Touring The Byway
64 Miles | 5 Days/4 Nights | Gateway City: Dickinson, North Dakota
The Byway begins north of Manning on Highway 22 through Killdeer to Highway 23, then east to New Town.
From the Killdeer Mountains to the deeply entrenched Little Missouri River Breaks and Badlands, the landscapes on this 64-mile drive are some of the most unique and enchanting in North Dakota. Immerse yourself in the rich culture and history of the Mandan, Hidatsa, and Arikara tribes that is displayed alongside the cowboy and rodeo motif that embraces the entire state!
We recommend starting your journey in Dickinson, the “Queen City of the Prairies.” Discover the heritage of the area at the Dickinson Museum Center with life-sized dinosaurs and an array of fossils. Venture on to New Hradec, settled in 1861, 15 miles north of Dickinson to visit the only documented community of Crimean Bohemians in the United States.
Sites along the Byway include the Hurmacher Farm, Lake Ilo National Wildlife Refuge, Dunn Center, Killdeer Mountain Battlefield, and The Fort Berthold Indian Reservation. The unspoiled beauty of the Badlands remains virtually unchanged as you reach Crow Flies High Butte Overlook where William Clark waited to reunite with Meriwether Lewis.
Four Bears Bridge takes you into New Town, home of the historic Earth Lodges, which the MHA nation restored for spiritual activities and as a way to illustrate early life in the area. From there, we wish you a safe and pleasant journey home, or on another North Dakota Scenic Byway.
Purchase the detailed itinerary for the full tour of the Byway which includes the highlighted attractions below and much more!
The 12-acre campus of the Dickinson Museum Center hosts four complimentary parts that include the Badlands Dinosaur Museum, with the largest collection of dinosaur fossils on display in North Dakota. The collection includes a complete Triceratops skull, six full dinosaur skeletons, hundreds of fossils, and a colorful mineral collection. You can watch the paleontologists at work in the fossil lab preparing recently discovered fossils for display. The Joachim Regional Museum celebrates Dickinson’s heritage. Prairie Outpost Park features historic and ethnic structures that tell the story of southwest North Dakota. Pioneer Machinery Hall holds a marvelous collection of historic agricultural implements.
The first Ukrainian immigrants escaping Protestant persecutions in Czarist Russia, came to North Dakota in 1867, attracted by the ability to own land Homestead Act to be able to own land.
The Cultural Institute features folk art, cultural exhibits, religious displays, and a research library, plus showcasing beautiful hand-crafted “Psyanky” Eggs, each one individually created with themes and stories. Embroidered cloths adorn the walls next to the heritage paintings of the early settlers. The museum’s Varenyky, better known as “Cheese Buttons” are distributed in stores across the upper Midwest. Traditional Lenten meals and summer events feature the history and “Stepovi Dity,” Ukrainian dancers in colorful costumes.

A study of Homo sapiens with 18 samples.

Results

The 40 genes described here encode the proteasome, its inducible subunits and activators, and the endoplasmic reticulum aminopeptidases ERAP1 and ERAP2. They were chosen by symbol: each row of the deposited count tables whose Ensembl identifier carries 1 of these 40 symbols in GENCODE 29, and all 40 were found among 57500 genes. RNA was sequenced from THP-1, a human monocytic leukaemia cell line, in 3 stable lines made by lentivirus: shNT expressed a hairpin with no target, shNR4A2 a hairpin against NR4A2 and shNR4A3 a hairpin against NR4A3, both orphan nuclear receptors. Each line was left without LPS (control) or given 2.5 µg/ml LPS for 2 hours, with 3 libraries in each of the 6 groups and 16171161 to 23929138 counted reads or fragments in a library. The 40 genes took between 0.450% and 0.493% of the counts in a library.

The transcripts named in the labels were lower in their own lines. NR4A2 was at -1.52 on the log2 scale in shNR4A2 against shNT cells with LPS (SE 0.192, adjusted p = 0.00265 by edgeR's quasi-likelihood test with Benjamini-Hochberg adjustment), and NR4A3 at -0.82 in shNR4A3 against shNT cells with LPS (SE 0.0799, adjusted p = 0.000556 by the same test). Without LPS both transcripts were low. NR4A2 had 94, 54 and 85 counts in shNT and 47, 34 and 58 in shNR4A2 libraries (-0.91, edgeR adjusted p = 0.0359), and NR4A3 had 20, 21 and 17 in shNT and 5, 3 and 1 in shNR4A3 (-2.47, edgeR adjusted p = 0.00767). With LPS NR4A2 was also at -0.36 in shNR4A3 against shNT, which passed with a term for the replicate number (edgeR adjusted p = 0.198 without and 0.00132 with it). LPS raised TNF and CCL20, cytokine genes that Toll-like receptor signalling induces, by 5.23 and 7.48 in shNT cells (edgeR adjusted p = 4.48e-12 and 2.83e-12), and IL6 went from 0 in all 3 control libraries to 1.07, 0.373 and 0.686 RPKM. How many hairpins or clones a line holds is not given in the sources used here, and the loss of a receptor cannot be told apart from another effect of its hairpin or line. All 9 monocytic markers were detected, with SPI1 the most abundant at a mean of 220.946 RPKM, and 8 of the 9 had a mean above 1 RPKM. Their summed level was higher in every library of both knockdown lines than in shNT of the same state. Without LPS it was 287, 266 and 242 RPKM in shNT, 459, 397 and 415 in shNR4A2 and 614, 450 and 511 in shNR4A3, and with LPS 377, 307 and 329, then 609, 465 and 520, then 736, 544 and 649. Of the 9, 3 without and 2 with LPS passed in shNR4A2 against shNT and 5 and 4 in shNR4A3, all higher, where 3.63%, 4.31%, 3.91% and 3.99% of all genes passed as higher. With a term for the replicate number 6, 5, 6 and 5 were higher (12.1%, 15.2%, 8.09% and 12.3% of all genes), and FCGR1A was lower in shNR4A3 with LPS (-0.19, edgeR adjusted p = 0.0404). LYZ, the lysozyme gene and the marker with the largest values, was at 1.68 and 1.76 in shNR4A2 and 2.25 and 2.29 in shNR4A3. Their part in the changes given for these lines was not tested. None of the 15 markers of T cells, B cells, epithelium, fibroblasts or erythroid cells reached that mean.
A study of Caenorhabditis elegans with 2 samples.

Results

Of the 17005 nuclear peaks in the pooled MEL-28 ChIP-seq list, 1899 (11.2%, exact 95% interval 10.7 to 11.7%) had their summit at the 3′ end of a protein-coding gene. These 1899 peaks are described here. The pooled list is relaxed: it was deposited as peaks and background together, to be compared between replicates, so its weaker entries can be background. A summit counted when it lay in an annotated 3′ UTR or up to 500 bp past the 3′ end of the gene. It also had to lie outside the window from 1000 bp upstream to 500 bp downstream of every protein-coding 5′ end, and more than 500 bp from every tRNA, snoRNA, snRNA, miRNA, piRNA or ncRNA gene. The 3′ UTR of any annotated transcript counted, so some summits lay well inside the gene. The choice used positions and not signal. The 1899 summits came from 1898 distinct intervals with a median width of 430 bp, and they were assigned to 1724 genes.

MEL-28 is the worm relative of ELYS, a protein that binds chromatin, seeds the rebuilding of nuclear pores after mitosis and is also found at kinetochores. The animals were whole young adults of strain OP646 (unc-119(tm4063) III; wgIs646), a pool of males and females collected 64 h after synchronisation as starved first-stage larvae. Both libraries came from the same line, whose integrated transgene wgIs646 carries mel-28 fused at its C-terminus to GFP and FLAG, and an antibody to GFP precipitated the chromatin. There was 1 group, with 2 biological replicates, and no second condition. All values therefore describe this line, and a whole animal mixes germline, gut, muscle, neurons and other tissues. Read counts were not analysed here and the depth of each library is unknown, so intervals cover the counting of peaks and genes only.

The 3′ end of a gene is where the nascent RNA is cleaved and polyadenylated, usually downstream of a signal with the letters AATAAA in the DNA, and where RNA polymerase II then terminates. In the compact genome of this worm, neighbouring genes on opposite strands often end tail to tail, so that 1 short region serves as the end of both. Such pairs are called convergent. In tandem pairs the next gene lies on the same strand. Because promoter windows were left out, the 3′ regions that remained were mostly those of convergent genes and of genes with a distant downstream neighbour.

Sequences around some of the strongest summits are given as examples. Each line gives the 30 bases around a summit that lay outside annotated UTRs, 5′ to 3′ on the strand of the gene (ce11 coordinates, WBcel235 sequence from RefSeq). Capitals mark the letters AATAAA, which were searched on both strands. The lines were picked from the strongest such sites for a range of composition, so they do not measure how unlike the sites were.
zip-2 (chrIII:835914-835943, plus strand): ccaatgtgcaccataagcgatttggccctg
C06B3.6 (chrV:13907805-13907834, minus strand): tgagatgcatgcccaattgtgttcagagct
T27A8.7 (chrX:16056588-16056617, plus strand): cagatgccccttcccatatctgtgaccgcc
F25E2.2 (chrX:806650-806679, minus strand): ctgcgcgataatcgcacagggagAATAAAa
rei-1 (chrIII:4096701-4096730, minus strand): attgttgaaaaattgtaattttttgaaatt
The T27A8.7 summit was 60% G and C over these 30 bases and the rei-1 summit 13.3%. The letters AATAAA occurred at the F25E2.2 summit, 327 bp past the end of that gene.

Located near the beginning of the Killdeer Four Bears Scenic Byway, the Hutmacher Farmstead illustrates early life in the area. With no trees available, and lumber too expensive, for many years settlers lived in sod houses, with vermin and insects, and roofs that needed constant attention. This farm in particular, considered the Midwest’s finest example of an earthen house, was constructed in 1911 by immigrants from South Russia, reflecting traditional ethnic architecture from the Black Sea region of Russia and Ukraine, that was also home to many German Russians. The structures here include a house, below-grade cellar, the ruins of a barn and granary, a summer kitchen, butchering shed, poultry barn and a garage, which likely held livestock. Exterior surfaces of the sandstone walls were covered with a mixture of clay and chapped straw. The walls and roofs are currently being rebuilt and visitors with extra time are welcome to participate in the restoration and preservation of the site.
By the time you reach Little Missouri State Park on the Byway, you have reached the rough and tumble North Dakota Badlands. Enjoy the breathtaking views of the waterways rolling through the rugged landscape on any one of the 45 miles of trails in the Park.
The building that housing the Three Affiliated Tribes Museum also serves as a heritage center to preserve and illustrate the history and culture of the Mandan, Hidatsa and Arikara people. Many of the Native American treasures on display were salvaged by one visionary woman before they were submerged in the lake.